FEBRUARY 11, 2013
The Obama administration is determined to keep throwing money at minority farmers who claim to be victims of government discrimination, this month issuing a friendly reminder of an upcoming application deadline and a call center to facilitate the claims process.
The minority farmer cash giveaway started a few years ago when the administration gave black farmers $1.2 billion to settle discrimination allegations against the government. The farmers say they were cheated out of federal aid, mainly farm loans from the U.S. Department of Agriculture (USDA), because of their race. President Obama said the settlement was “another important step forward in addressing an unfortunate chapter in USDA’s civil rights history.”
Celebrating the historic settlement, Obama’s Agriculture Secretary, Tom Vilsack, assured that “civil rights has become a top priority” since the president picked him to run the USDA. He also guaranteed that the agency has “implemented a comprehensive program to correct past errors” and taken “definitive action” to ensure minorities are treated fairly.
It wasn’t long before Hispanic and women farmers yelled “what about us?” They too wanted lots of cash for their alleged suffering and the administration quickly obliged, offering a chunk of change to make up for Uncle Sam’s supposed transgressions. The USDA subsequently announced a generous package for women and Hispanics that includes $1.33 billion in “compensation” and $160 million in “farm debt relief.”
To get the word out the feds launched an impressive bilingual advertising and public relations campaign that includes national outreach tours by top USDA officials as well as Justice Department bigwigs because that agency is sort of overseeing it. The goal is to ensure that any Hispanic or woman farmer or rancher who alleges discrimination is aware of the money pot, according to the USDA official in charge of the program.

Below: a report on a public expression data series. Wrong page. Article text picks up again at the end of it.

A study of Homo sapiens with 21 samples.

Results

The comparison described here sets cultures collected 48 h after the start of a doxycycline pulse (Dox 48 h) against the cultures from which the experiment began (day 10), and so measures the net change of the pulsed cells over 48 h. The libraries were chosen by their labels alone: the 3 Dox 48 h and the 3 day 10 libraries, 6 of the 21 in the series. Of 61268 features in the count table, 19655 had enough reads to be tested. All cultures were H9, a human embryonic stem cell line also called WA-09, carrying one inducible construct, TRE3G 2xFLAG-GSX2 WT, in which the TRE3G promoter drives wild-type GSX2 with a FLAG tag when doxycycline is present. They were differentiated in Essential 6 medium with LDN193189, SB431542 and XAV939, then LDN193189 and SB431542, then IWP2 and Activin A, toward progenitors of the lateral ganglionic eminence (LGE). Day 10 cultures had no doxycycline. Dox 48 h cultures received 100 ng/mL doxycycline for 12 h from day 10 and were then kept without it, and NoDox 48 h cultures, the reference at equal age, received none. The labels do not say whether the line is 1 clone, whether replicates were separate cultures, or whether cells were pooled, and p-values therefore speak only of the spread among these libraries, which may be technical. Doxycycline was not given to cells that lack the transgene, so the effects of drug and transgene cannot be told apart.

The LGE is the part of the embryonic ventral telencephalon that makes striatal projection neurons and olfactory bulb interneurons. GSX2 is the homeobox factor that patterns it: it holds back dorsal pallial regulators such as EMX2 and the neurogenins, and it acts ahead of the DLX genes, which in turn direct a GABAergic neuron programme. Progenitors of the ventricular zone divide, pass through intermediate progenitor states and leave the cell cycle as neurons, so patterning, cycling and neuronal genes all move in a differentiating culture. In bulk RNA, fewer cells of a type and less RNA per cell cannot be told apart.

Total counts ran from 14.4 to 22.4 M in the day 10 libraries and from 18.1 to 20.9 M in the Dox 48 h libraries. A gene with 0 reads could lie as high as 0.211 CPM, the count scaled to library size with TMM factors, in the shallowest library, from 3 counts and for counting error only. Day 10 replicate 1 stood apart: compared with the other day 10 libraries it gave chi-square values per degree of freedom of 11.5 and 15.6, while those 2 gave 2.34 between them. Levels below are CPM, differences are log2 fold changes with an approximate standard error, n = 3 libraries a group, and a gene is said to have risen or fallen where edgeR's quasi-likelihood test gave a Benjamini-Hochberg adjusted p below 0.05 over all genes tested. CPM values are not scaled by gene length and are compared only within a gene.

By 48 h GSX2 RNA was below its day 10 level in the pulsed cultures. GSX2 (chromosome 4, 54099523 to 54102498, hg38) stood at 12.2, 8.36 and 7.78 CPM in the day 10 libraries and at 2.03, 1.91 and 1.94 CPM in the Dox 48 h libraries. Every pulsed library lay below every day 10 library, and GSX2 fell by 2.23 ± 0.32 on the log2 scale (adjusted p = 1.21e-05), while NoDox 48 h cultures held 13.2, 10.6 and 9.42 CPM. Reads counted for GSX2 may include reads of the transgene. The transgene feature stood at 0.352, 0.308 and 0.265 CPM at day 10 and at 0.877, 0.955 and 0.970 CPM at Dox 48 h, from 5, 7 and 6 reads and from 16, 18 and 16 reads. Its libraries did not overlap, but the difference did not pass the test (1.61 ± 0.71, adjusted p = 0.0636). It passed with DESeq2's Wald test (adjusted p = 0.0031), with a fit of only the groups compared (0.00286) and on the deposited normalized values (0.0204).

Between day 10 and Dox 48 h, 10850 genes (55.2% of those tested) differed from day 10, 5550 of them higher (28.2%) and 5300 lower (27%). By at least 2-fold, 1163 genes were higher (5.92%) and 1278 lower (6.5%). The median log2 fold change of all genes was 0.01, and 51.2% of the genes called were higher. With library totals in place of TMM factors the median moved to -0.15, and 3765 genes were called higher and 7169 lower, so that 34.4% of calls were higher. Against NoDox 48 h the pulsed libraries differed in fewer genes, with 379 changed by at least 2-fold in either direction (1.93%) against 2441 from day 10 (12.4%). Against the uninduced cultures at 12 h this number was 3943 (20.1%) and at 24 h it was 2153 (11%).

With time running out, the agency is on a full-throttle push to recruit applicants. In its latest reminder, issued just a few days ago, the USDA says claims must be postmarked by March 25. It assures that the agency will continue reaching out to potential Hispanic and female claimants around the country to get the word out to individuals who may be eligible for this program so they have the opportunity to participate.
“Hispanic and women farmers who believe they have faced discriminatory practices in the past from the USDA have 45 days left to file a claim in order to have a chance to receive a cash payment or loan forgiveness,” Vilsack says in the announcement. “USDA urges potential claimants to contact the Claims Administrator for information and mail their claim packages on or before March 25, 2013.”